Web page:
Court rules on Mt. Cashel settlement for abuse cases

The Catholic Register - Archdiocese of Toronto, Ontario, Canada

January 25, 2023

By Quinton Amundson

A Jan. 12 decision by the Newfoundland Labrador Supreme Court is expected to solidify and focus the compensation claims process for the victims of abuse at the Mount Cashel Orphanage in St. John’s in the 1940s, ’50s and ’60s. 

Geoff Budden, a lawyer for the claimants, told The Catholic Register that while “it isn’t the process that we advocated, it is a process we are fine with.” 

“The court wrote that from our four representative plaintiffs, we’d get insights that would perhaps lead to resolutions for the other plaintiffs. The claims officer, he or she, could take these decisions as sample guidance to help determine the rewards for the balance of the claims,” said Budden.

Budden added that much of the “process has been worked out” and much of the “process we agree upon.”

On Nov. 28 and 29, 2022, Justice Garrett Handrigan heard the legal representation of the claimants and lawyers for the Roman Catholic Episcopal Corporation of St. John’s (RCECSJ) present respective proposals for a claims procedure order and a claims protocol for damage awards. The claimants sought pre-determined tiers to calculate general damages, economic loss and cost of future care, and then to average those amounts either positively or negatively by 20 per cent. 

Lawyers for the archdiocese advocated that a claims officer complete individual impact assessments of claimants that considers “identifiable indicia of the impact of abuse on the claimant.” Concerning the cost of future care, the RCECSJ wanted the claims officer to review evidence from claimants “of ongoing psychological and interpersonal impairments linked to the sexual misconduct” to determine a monetary figure.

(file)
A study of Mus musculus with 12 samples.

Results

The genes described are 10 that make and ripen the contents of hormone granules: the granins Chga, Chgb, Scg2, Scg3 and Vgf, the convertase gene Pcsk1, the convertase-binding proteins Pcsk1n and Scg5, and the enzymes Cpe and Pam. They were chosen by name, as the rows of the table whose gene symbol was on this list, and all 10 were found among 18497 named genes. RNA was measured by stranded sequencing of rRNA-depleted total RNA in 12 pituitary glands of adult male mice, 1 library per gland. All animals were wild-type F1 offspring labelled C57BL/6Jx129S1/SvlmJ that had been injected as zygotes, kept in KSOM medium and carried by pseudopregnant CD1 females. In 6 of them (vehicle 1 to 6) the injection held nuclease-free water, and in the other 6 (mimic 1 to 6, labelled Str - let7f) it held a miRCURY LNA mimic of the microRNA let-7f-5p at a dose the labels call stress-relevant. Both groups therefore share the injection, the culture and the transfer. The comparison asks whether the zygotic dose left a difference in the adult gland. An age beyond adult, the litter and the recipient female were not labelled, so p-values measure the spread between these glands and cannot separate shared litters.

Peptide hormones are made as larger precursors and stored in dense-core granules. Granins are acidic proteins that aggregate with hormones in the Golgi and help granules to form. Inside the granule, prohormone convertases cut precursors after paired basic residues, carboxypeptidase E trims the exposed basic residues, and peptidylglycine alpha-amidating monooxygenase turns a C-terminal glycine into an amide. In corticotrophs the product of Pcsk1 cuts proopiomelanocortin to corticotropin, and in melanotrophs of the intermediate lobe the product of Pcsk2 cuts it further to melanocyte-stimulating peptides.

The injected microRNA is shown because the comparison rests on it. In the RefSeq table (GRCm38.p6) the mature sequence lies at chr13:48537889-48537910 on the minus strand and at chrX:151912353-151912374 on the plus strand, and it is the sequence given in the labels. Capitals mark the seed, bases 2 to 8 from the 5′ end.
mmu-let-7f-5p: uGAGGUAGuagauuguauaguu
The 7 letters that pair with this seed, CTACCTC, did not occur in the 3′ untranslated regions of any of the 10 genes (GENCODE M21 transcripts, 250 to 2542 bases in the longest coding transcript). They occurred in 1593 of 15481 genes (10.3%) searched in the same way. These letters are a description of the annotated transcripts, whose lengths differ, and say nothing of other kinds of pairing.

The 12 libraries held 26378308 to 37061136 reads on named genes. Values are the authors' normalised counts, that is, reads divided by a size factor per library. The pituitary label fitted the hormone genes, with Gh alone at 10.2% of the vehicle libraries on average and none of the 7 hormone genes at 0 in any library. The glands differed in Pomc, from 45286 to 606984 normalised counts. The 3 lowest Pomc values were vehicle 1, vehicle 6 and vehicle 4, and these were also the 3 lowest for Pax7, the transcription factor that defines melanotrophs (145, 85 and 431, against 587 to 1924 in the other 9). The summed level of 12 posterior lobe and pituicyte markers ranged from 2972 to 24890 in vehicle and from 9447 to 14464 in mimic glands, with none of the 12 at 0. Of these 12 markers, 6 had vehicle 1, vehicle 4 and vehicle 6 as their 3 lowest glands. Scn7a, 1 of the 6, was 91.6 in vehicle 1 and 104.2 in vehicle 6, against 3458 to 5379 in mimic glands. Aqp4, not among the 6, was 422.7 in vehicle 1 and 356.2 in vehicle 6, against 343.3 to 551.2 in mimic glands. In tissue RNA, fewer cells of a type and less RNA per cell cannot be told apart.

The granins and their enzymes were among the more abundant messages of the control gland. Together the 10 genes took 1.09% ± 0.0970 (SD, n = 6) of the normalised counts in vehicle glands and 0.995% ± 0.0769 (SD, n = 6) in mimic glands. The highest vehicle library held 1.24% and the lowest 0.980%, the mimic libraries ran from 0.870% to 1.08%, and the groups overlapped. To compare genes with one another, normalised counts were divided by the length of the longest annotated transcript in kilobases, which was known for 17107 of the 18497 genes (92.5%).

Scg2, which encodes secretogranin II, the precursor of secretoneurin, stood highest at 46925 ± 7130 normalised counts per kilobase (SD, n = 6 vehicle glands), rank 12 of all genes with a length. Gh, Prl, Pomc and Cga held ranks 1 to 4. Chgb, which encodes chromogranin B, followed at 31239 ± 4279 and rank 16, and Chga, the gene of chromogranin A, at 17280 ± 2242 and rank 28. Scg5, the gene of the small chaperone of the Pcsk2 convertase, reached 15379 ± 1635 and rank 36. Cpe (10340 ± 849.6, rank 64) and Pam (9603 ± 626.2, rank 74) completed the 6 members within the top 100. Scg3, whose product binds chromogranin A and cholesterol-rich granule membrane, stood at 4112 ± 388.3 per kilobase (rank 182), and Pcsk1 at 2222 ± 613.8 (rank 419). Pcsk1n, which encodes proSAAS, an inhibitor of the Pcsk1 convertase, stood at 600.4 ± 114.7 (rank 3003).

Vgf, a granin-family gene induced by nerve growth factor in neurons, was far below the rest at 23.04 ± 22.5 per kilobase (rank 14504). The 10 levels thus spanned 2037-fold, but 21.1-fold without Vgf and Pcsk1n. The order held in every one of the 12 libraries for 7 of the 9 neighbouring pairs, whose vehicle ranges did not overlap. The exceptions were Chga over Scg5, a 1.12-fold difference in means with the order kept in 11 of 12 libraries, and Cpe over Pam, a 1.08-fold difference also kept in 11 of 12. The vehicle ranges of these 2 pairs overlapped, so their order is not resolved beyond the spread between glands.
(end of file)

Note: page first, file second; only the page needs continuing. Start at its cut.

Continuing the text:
Ultimately, Handrigan agreed with the RCESJ’s criticism that the use of tiers and averaging “are rigid and immutable and may result in claimants being under- or over-compensated.” The justice wrote that a claims officer “will have ample guidance to direct him in dealing with both liability and damages” based on the 2020 Newfoundland Court of Appeal ruling that led to four plaintiffs being awarded an average of $600,000. 

That decision also deemed the RCECSJ as vicariously liable for the atrocities committed by the Christian Brothers of Ireland who managed Mount Cashel. The archdiocese became liable after the survivors were left without compensation following the bankruptcy of the Christian Brothers.

A lengthy Zoom meeting was held between the parties on Jan. 18 to discuss who should be the claim officer, the information he or she should receive, the forthcoming timeframe and how to inform potential victims who moved away from the province on how they can make a claim. There are claimants located in various pockets of the world. Budden has a client pool that stretches from Germany to Vancouver Island to various states across the United States. 

This case began back in 1999 with 39 men filing a statement of claim against the Christian Brothers and the RCECSJ. It is expected by both parties over 100 claimants will step forward and that monetary claims will exceed $50 million. 

“We want to figure out in this time of media and social media of how to appropriately inform plaintiffs of this process and of the deadline,” said Budden. “I am confident we can figure out all these details amicably.”

If any upcoming disagreements do logjam the process, both sides will again seek clarity in court. 

While these details are being ironed out, the RCECSJ is still working to raise that $50 million figure. The selling of 43 parish properties in the St. John’s area reaped $20.6 million. Over 70 rural properties in the southern Avalon Peninsula and the Burin Peninsula are poised to enter an auctioning process. 

Budden said he hopes claimants could receive funds beginning in the fall.